The Tajik National Bank ordered the country's credit institutions to convert ruble transfers to Tajik somonis starting on February 2, news agency Asia-Plus reported on February 3. The regulation does not apply to ruble transfers by bank account holders.
The bank claims that the regulation will help support the somoni, proping up its exchange rate. The authorities are attempting to minimise currency exchange activities on the country’s black market. In January, Tajik President Emomali Rahmon ordered the authorities to set up more bank-affiliated exchange offices around the country to provide alternatives to illegal exchange offices. The black market rate of the somoni diverged to TJS7.6 to the dollar from the official rate of TJS6.72 on November 30 following the central bank’s decision to shut down all private exchange offices across the country and limit foreign exchange operations to banks and credit institutions. The bank’s new regulation does not so far apply to transfers in any foreign currency except the ruble.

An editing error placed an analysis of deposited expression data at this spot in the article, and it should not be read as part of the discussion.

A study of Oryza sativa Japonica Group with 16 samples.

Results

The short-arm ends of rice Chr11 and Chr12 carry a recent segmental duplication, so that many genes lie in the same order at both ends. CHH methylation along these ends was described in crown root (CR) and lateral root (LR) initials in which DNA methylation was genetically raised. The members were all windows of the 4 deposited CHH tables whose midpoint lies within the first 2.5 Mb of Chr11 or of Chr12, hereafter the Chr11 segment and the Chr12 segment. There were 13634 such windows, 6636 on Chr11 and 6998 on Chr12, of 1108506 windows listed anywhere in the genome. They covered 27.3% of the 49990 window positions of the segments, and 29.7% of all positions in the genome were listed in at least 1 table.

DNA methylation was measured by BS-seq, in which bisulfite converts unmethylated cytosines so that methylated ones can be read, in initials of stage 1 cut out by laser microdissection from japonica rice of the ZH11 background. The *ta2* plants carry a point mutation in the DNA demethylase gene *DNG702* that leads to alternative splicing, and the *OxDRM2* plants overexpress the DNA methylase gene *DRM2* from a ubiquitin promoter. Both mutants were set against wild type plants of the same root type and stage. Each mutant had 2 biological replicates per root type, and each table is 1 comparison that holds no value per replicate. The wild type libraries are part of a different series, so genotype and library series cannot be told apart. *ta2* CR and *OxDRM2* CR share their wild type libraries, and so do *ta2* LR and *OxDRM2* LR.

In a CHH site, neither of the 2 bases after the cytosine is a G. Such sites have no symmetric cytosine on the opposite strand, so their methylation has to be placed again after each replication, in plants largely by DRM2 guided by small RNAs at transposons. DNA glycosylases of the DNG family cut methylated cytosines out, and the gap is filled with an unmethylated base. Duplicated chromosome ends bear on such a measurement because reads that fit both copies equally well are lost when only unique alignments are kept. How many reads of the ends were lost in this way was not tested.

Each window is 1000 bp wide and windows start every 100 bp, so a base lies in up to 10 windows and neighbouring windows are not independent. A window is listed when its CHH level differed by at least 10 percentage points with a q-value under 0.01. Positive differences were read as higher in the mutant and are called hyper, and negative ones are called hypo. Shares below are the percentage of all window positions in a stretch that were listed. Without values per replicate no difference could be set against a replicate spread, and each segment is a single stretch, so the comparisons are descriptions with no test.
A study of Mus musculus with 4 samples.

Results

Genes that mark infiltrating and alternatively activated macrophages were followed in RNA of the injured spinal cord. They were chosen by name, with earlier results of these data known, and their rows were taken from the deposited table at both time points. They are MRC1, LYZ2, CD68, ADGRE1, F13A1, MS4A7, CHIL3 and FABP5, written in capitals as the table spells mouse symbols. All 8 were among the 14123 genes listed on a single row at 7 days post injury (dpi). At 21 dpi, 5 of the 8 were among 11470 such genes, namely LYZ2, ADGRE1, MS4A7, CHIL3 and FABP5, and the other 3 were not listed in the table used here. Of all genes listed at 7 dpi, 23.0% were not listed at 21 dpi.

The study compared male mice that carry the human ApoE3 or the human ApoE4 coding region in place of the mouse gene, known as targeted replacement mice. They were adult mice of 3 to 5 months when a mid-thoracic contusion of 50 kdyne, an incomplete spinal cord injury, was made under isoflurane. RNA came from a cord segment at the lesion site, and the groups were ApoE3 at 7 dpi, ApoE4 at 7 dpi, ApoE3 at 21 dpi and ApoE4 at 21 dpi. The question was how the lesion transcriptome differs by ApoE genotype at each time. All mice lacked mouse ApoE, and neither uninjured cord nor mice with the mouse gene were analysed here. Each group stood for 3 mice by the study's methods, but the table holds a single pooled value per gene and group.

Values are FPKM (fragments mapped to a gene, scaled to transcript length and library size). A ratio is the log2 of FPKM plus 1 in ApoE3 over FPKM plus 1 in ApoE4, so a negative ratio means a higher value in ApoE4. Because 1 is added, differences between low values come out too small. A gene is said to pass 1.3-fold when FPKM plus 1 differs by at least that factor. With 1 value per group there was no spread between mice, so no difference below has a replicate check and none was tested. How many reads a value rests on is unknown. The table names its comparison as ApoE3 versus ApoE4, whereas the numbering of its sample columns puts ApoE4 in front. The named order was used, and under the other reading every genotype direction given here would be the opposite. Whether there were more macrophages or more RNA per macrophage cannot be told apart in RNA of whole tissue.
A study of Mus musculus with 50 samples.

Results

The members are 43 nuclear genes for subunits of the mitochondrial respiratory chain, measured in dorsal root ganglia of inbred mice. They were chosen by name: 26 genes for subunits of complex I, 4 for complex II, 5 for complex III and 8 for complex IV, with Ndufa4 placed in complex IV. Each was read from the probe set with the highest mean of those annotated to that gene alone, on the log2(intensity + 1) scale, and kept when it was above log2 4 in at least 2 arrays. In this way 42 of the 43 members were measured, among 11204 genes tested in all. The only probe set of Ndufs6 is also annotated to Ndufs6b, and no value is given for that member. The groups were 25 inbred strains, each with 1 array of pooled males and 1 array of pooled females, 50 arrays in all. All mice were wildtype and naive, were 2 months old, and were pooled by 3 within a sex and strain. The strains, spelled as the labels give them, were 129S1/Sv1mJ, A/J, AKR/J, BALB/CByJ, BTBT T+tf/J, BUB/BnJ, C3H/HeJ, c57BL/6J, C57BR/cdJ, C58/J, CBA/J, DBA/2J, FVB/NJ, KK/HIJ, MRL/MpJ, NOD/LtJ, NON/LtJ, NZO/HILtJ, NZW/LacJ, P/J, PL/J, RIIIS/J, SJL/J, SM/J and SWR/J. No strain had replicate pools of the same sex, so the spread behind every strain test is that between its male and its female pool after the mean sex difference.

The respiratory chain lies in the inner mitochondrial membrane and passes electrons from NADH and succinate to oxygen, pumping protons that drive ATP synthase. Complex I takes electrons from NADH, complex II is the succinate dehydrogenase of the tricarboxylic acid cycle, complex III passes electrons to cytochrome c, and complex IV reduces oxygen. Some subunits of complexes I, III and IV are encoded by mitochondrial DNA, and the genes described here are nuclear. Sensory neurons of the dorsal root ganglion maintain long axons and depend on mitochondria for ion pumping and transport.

On January 28, currency dealers were changing cash dollars at TJS8.75 to the dollar on the black market, according to a Tajik opposition-run news website Tajinfo.org. As of February 4, the official rate stands at TJS7.84 to the dollar, according to figures by the Tajik central bank.
Tajikistan is one of the world’s most remittance-dependent countries: remittances were equivalent to 46.6% of GDP in 2014. Remittances to the country declined by 33.3% y/y in 2015, the central bank said without specifying the absolute figure. One of the reasons for the decline in remittances is an economic slowdown in Russia and the resulting depreciation of the Russian ruble, which depresses the dollar value of the money migrants send home.